Printable quality Star Map Click Here

Instructions for using the star map Click Here

Winter Stars on the Rise…Summer Stars Say Bye Bye!

In November we go back to Central Standard Time, and that's just fine with me. First off, we get an extra hour of sleep, but more importantly for stargazers it's dark enough for stargazing long before 7:00. Without a doubt, we're entering the best stargazing season of the year, if you don't mind a shivering a bit. It's worth it though, because there's a lot of great celestial gems waiting for you in the November night sky. Just bundle up!

Over in the western sky there are still a few summer constellations hanging in there. Cygnus the Swan, Lyra the Harp, Aquila the Eagle, Delphinus the Dolphin and a few others are slowly migrating to the west a little more each night, making their slow exit from our celestial stage.

In the high southern sky is the primo autumn constellation Pegasus the Winged Horse, with Andromeda the Princess tagging along. Turn around and face north and you'll see old friends like the Big Dipper, barely above the horizon, with the Little Dipper hanging by its handle higher in the northern sky. Cassiopeia the Queen, the constellation that looks like a giant sideways W, is proudly showing off her stuff in the high northeast sky. The W outlines the throne of the Queen, and Cassiopeia is tied up in that throne. She really ticked off Hera, the queen of the gods, by proclaiming that she was even more beautiful than Hera's godly self. So Hera threw Cassiopeia up into the sky, eternally bound to her throne for all to see.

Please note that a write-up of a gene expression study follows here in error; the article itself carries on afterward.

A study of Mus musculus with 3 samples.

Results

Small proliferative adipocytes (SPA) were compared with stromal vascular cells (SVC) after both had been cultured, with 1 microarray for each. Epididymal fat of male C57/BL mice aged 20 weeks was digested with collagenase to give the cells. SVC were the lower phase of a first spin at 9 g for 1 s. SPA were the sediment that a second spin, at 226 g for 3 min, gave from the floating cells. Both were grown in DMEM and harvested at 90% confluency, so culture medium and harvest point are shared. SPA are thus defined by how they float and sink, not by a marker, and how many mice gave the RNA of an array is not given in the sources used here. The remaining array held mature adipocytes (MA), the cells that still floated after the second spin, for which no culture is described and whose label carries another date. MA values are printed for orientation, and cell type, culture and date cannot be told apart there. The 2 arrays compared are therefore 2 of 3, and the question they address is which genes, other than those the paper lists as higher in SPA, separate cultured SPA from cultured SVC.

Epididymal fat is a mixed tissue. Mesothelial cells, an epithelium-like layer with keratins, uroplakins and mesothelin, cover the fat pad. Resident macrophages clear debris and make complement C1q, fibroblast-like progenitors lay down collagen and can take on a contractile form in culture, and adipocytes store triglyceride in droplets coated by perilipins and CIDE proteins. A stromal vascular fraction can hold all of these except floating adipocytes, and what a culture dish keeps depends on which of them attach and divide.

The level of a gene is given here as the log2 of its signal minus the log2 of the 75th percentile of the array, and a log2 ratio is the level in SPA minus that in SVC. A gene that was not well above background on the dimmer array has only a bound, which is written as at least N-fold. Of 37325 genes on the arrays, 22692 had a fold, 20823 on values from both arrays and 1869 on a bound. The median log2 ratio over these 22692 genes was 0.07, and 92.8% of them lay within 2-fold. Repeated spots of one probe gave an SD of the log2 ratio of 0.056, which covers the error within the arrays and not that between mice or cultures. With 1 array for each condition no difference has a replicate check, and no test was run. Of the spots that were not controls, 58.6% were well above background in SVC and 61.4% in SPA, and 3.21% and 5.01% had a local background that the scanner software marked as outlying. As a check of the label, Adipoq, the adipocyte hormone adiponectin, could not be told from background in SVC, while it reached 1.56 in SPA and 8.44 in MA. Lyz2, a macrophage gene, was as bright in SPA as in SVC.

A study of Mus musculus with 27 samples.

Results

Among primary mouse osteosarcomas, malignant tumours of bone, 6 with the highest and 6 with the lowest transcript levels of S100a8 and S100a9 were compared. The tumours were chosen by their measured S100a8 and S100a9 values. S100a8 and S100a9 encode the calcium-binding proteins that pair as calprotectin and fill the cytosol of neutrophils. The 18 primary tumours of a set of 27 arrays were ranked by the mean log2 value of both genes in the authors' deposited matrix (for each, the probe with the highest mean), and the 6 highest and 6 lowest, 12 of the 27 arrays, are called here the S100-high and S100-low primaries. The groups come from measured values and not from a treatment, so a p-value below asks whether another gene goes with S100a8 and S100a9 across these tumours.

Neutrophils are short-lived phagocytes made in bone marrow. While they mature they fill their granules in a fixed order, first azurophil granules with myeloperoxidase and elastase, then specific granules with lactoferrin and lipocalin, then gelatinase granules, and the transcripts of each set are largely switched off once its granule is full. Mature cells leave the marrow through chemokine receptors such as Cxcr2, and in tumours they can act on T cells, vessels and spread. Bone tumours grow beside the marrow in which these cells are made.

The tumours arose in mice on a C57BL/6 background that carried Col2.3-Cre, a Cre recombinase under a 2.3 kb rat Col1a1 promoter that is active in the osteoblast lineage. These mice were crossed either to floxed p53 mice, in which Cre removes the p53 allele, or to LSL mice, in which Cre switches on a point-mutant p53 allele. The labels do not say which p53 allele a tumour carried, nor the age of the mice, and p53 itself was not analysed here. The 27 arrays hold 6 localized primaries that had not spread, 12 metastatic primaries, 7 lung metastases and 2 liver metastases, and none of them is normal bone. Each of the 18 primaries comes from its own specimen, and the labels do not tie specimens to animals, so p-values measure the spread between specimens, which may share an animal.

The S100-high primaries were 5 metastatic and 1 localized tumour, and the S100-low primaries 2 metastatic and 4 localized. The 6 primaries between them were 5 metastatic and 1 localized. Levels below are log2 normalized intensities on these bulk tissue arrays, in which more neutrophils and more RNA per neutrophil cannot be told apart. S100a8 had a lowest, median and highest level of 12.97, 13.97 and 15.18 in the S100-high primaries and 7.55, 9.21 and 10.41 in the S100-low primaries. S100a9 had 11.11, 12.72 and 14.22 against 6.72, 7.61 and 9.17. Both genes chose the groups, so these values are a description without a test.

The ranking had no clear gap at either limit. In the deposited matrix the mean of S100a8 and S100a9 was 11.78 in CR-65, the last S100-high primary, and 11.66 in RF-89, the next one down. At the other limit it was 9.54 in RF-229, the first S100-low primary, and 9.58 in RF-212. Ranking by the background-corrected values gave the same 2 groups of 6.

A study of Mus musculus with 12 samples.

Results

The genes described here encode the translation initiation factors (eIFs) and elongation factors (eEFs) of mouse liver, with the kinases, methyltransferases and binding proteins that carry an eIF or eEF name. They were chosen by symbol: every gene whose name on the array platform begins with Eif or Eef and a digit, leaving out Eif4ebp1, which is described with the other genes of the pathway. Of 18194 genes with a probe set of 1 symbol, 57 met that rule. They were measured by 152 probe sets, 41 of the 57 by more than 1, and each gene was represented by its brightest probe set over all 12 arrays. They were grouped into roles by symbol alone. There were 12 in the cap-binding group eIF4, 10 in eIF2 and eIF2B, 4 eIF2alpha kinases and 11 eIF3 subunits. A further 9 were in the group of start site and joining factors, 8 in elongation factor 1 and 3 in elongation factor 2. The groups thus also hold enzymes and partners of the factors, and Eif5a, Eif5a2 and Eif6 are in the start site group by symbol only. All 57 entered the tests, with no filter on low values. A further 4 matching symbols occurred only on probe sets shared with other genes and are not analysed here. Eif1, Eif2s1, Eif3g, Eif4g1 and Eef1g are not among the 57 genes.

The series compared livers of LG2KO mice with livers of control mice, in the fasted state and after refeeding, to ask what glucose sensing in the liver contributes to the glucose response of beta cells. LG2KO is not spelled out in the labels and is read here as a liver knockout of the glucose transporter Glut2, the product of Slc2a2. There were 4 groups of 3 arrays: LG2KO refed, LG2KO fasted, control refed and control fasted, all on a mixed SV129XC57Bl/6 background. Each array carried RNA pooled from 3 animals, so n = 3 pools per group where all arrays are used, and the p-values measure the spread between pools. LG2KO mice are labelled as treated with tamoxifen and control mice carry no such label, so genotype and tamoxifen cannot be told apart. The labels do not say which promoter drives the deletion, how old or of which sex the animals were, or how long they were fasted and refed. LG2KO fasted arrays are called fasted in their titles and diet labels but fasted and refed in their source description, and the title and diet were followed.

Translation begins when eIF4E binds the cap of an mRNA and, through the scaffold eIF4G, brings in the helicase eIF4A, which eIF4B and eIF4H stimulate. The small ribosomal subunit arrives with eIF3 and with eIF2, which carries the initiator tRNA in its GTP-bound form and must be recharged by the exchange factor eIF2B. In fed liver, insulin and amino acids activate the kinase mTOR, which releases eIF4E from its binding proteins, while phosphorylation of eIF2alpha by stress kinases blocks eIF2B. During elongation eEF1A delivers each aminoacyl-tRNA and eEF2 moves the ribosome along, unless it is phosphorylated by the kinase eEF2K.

In the eastern sky you'll really notice a lot of bright stars on the rise especially after 8pm. The later you stay up, the more of these wonderful winter constellations you'll see. I call this part of the sky "Orion and his Gang" because the majestic constellation Orion the Hunter is the centerpiece. Orion is up by 10pm, but before then you'll see the Pleiades, the best star cluster in the sky, which looks like a miniature Big Dipper.

Unfortunately we don't have any bright planets in the evening sky this month, but if you're up after 2am Jupiter and Mars are up above the eastern horizon. After 4am the bright planet Venus dazzles in the low eastern sky.

The Leonid Meteor shower could put on quite a show. It will peak out for us in the early morning pre-twilight skies around November 17th. You may see over 40 meteors an hour in the dark countryside.